You may have heard the phrase, “Penny wise and pound foolish.” For it to really make sense, we need to translate it to today’s language. It should read, “Penny wise and dollar foolish,” though it doesn’t illiterate nearly as well that way. Sadly, either translation applies to the majority of churches today. I see it in my travels, read about it in e-mail and talk to TDs who are saddled with A/V/L systems that were done on the cheap. My friend Bob Nahrstadt says that most churches are unwilling to pay for design (or even advice, for that matter). These churches try to save a few pennies (compared to the overall cost of a system) and end up wasting a lot of dollars.
When it comes to the overall vision for an A/V/L system, the design of said system and the choosing of gear, most churches will simply go for the lowest bid. Unfortunately, the lowest bid typically doesn’t include any master plan, and contains precious little design. What happens is that the dealer sells either what he makes the most margin on or what he thinks the church needs, regardless of whether it actually is what the church needs. And that’s a shame because eventually, somebody like me comes along and has to tear it all out and buy new stuff that really does meet the needs of the church. In the process, a lot of dollars are wasted.
At the risk of sounding like a shameless self-promotion, I’d like to tell you a little story. Several years ago I became acquainted with a church in Arizona. They found my blog and had some questions. I did my best to answer them, and over the years, this has turned into a good relationship. Whenever it came time to upgrade a system, they’d shoot me an e-mail or call and ask for advice. They even sent a few bucks my way as a thank you.
A couple of weeks ago, they asked if I would be willing to fly out there for a day to help evaluate several of their systems that are ready for upgrading. I hadn’t been to AZ in a while and readily accepted. That trip was a really fun 6-7 hours. I got the tour of the building, looked over their systems and heard what they were trying to accomplish. I have to say, it was gratifying to walk into video control and see several pieces of gear that I recommended (and that they are very happy with).
We talked a lot about video and I gave them several suggestions to improve their system. We then moved on to audio and I gave them several more suggestions. We even talked about a few special effects they’re looking at for Easter that I happen to have experience with and I was able to offer some advice on dealing with those. It was a blast for me, because I love to talk about this stuff anyway. For them, I think I can be presumptuous enough to say it was more than worthwhile. For example, with their video system, they were headed down one road and I persuaded them to back up and head down another. When it’s all said and done, I believe their system will be vastly improved and they will have saved between $20,000-60,000 (depending on how much of their plan they would have implemented right away).
So while it did cost them a few pennies to fly me out and pay me for my time, they are poised to save a lot of dollars. In fact, the savings are likely to be at least twenty times what it cost to bring me out! And they won’t have to suffer through several years of the wrong equipment while they save up the funds to do it again. The question is, why don’t more churches do this? Honestly, I don’t have a single answer.
I suspect some church leaders really have no clue what goes into a proper A/V/L system design and as such, they totally devalue it. Others think the dealer should do it “for free,” without realizing that if there is any real design happening, the customer is paying for it somewhere. These churches don’t realize that simply selling equipment doesn’t make one an expert in selecting the right systems for a church. What these churches need is somebody like me to come along side and give them some advice.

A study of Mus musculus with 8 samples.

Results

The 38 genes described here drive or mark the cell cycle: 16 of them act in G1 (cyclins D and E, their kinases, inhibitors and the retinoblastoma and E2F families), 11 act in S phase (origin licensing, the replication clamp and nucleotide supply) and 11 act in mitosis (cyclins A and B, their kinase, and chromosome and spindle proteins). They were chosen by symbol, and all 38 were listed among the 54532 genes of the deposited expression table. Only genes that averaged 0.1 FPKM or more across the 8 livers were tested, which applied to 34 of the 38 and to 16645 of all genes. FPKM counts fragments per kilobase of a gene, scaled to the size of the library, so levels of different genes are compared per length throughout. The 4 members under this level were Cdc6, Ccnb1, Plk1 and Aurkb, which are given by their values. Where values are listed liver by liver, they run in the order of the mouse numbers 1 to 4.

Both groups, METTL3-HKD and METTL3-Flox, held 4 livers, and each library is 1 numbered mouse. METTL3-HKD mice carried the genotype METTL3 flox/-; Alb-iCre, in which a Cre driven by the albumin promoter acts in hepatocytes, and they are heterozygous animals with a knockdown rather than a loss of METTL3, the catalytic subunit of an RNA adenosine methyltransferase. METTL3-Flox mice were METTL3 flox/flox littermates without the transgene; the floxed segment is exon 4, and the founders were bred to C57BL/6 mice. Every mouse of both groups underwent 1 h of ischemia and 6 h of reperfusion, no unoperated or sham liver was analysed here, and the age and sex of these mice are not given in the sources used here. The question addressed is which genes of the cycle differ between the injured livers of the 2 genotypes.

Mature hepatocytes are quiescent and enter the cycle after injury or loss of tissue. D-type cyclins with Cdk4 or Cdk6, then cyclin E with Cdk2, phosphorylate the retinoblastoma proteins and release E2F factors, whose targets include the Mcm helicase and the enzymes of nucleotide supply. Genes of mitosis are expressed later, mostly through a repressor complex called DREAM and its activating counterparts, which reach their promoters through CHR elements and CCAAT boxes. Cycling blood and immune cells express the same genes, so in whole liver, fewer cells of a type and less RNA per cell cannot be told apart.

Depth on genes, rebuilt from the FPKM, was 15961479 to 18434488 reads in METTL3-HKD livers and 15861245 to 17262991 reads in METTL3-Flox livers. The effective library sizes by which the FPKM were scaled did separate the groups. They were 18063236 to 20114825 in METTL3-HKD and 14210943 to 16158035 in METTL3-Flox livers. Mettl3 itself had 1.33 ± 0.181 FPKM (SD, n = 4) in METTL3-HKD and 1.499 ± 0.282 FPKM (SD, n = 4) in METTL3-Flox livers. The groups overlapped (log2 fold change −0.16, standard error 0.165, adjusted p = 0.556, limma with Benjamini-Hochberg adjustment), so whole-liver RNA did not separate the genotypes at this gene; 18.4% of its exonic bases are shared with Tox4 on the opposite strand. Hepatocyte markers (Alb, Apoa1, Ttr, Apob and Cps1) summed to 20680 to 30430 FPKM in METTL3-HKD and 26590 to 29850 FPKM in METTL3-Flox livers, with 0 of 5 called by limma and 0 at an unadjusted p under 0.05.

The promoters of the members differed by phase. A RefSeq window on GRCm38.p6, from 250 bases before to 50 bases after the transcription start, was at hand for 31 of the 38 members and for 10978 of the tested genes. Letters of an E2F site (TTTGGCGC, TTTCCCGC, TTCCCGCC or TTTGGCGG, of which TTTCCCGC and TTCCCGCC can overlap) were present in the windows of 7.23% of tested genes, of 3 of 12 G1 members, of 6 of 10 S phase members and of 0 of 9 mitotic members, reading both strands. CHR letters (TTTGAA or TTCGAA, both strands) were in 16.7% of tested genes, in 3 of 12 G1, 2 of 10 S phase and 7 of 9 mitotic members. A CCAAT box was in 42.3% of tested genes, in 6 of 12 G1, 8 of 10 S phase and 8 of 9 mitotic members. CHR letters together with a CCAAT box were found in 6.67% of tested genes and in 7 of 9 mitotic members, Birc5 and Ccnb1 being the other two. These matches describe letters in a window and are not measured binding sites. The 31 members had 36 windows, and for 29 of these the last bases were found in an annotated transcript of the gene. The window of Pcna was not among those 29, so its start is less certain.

I’ve been doing this for a long time—20+ years— and I’ve spent all those years in churches ranging from 300-3,000, with most of those years working on shoestring budgets. I’ve learned how to choose the right gear that delivers that absolute best value for the money. This equipment is rarely the cheapest, but over the long run will yield the best results and the lowest total cost of ownership. Almost all of my time in churches has been spent working with volunteer tech teams, so I know how to construct systems that non-professional, volunteer techs can actually use and be successful with. I also know how to train those techs to do their jobs well.
Now that sounds like a shameless plug, but the truth is I don’t care if a church hires me or not. A church considering any kind of significant system upgrade needs to hire someone like me. Yes, it will cost you a little cash up front. But I can almost guarantee you’ll save at least all that cash and then some if you follow our advice. And I’ll let you in on a secret; I get advice like this, too. Whenever I’m facing a significant upgrade, I have people that I call on to make sure I’m not missing anything. It just makes good sense.
I’ll wrap this post up with this: If you’re interested in talking with me about helping guide a system upgrade, contact me through the Hire Me page. I’m available on a limited basis (I still have my day job), and I don’t take every engagement. I do sometimes tell churches I’m not the right person (due to location or area of expertise) and will refer to someone else if I can. If you don’t want to hire me, that’s fine. But please, find someone else with solid credentials to help you through a process, even if you’re working with a dealer or integrator. I’m pretty sure the churches that I’ve worked with would say the money they’ve spent on my time is more than worth it (which is probably why they keep calling me back…). Do you church a favor, please get a second opinion before undergoing a major procedure.